Dead and definitely gone

The following text is originally lifted from the trivia section of The Jakarta Post.

~Compiled from various sources~

  • Henry the VIII executed some 72,000 subjects. His favourite method was boiling people to death.
  • The ashes of astronomer Eugene Shoemaker were put aboard the 1999 Lunar Prospector flight and was "control" crashed into a crater to give him a moon burial.
  • Only four U.S. states are on record as having never engaged in a lynching - Massachusetts, New Hampshire, Rhode Island and Vermont.
  • William Kemmler was the first person to be executed in the electric chair in 1890, at Auburn Prison in New York. It was a disaster. The executioner had to administer several rounds of electricity while Kemmler kicked, seared, smoked, thrashed and convulsed, finally dying after eight minutes. An autopsy showed he literally cooked to death, from the inside out.
  • Lethal injection was first used in 1982. Three separate drugs are used, starting with a barbiturate that knocks the victim out.
  • When John F. Kennedy was assassinated in 1963, it was not a federal felony to kill a president of the United States.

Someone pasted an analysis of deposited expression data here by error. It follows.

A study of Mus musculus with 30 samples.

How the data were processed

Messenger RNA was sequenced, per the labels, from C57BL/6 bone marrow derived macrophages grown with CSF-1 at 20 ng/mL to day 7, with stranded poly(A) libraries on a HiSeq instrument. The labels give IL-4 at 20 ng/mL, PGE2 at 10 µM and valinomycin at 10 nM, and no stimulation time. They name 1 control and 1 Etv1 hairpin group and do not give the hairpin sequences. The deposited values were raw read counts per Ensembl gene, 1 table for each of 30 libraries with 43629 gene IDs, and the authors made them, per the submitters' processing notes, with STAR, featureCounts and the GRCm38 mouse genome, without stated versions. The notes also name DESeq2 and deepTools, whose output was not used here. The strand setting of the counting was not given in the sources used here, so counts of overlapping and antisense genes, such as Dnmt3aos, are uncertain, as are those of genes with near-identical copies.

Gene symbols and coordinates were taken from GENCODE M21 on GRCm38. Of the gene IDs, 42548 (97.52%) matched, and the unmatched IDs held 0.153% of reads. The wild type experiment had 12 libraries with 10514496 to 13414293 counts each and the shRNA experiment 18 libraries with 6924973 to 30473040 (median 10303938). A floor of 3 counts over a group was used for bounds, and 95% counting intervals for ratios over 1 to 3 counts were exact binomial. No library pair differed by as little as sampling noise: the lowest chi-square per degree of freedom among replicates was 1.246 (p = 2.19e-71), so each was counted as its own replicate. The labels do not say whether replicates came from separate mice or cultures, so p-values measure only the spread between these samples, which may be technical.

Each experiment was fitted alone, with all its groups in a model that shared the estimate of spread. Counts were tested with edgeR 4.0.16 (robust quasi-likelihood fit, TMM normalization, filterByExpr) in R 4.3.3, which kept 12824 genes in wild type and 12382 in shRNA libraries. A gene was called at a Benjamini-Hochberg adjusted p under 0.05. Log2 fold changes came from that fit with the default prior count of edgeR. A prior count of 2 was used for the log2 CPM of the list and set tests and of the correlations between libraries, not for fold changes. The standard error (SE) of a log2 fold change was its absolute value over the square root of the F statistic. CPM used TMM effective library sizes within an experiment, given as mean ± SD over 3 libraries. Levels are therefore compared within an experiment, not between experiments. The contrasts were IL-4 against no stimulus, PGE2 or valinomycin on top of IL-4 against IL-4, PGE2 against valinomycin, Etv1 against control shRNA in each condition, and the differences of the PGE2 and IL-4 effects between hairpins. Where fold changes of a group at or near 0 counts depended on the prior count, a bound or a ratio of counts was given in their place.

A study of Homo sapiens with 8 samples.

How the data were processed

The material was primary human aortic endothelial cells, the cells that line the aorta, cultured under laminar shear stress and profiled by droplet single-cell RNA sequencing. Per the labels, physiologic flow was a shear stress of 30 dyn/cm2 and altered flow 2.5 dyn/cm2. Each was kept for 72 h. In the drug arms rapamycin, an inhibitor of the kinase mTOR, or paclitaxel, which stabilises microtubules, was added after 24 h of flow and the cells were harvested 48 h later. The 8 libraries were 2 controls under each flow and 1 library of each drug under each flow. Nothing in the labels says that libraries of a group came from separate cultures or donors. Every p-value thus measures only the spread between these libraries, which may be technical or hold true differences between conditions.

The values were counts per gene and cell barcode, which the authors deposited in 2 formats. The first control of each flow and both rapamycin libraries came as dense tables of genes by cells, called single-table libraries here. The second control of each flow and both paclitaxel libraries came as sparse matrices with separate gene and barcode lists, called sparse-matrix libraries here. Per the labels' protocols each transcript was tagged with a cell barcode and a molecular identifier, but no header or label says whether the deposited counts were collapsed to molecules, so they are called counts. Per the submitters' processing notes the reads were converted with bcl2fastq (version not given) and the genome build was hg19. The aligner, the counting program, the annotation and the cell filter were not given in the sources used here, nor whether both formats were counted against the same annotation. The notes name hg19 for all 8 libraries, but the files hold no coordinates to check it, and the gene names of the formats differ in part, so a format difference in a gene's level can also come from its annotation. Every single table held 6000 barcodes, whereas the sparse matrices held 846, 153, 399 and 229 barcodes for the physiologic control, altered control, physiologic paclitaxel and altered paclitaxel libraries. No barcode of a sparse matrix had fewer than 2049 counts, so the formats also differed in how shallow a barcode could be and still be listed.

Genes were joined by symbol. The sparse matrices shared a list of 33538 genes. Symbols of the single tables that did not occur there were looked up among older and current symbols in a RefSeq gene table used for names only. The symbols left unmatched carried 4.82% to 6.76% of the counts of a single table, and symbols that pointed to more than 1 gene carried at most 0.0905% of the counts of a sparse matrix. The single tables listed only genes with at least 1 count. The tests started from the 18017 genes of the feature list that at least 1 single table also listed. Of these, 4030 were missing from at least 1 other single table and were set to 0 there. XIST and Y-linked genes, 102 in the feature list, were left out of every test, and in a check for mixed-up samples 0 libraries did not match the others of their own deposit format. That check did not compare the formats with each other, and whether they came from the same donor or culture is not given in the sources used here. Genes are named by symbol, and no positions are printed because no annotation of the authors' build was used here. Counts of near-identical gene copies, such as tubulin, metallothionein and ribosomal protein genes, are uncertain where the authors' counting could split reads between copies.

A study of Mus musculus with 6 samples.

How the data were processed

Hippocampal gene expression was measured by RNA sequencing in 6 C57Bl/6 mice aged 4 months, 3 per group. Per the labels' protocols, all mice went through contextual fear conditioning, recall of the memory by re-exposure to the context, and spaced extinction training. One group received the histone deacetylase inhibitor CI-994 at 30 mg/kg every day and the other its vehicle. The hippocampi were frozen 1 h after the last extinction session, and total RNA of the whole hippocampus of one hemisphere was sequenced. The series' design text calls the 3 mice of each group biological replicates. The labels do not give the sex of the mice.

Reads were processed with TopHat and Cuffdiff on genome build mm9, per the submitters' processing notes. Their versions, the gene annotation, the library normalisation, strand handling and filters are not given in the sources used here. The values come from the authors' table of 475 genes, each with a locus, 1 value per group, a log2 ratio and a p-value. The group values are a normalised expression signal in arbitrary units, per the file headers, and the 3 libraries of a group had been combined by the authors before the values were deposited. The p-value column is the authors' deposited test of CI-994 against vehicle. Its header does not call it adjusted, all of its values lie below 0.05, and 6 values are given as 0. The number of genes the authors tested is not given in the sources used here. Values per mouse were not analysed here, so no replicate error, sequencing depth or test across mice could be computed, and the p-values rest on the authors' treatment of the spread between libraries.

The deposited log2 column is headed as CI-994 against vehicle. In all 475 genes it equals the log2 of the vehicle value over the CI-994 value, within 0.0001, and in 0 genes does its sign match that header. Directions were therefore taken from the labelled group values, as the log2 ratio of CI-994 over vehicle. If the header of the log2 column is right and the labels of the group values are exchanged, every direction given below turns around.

• Singer Steve Goodman had his ashes buried under the home plate in Chicago's Wrigley Field.
  • An eternal flame lamp at the tomb of a Buddhist priest in Nara, Japan, has been tended to and kept burning for 1,132 years.
  • Utah and Ohio are the only U.S. states that still can execute by firing squad.
  • The first drive-in mortuary in the USA was opened in 1968 by Hirschel Thornton. While the deceased rested behind a glass wall, those wanting to pay their last respects could drive by without having to get out of their cars.
  • From the 1850s to the 1880s, the most common reason for death among cowboys in the American West was being dragged by a horse while their foot was still caught in the stirrups.
  • Tens of millions of people died of smallpox but now there are only two live samples of the virus left in the world. Both are in sealed test tubes; one is in a lab in Moscow and the other is at the Centre for Disease Control in Atlanta, Georgia, USA. The last reported case of smallpox was in 1978 in England, when the virus accidentally escaped from the lab.
  • The leading cause of death among military personnel in peace time is drunk driving.
  • Forest Lawn Cemetery in Glendale, CA is the largest in the U.S. - 1,200 acres in four parks.
  • Crematoria ovens heat typically to 1,100-1,300 F and will burn up a 180 lb. man in about an hour and a half. There are always bones and chunks left; everything is then ground up, and those are the "ashes" you get back.
  • The word "mausoleum" comes from the memorial tomb of Mausolus, who died in 353 BC. When he died his wife had him cremated, mixed his ashes with water, and drank him.
  • The tradition of funeral wreaths originated from the belief that the wreath would encircle the spirit of the dead and keep it at bay.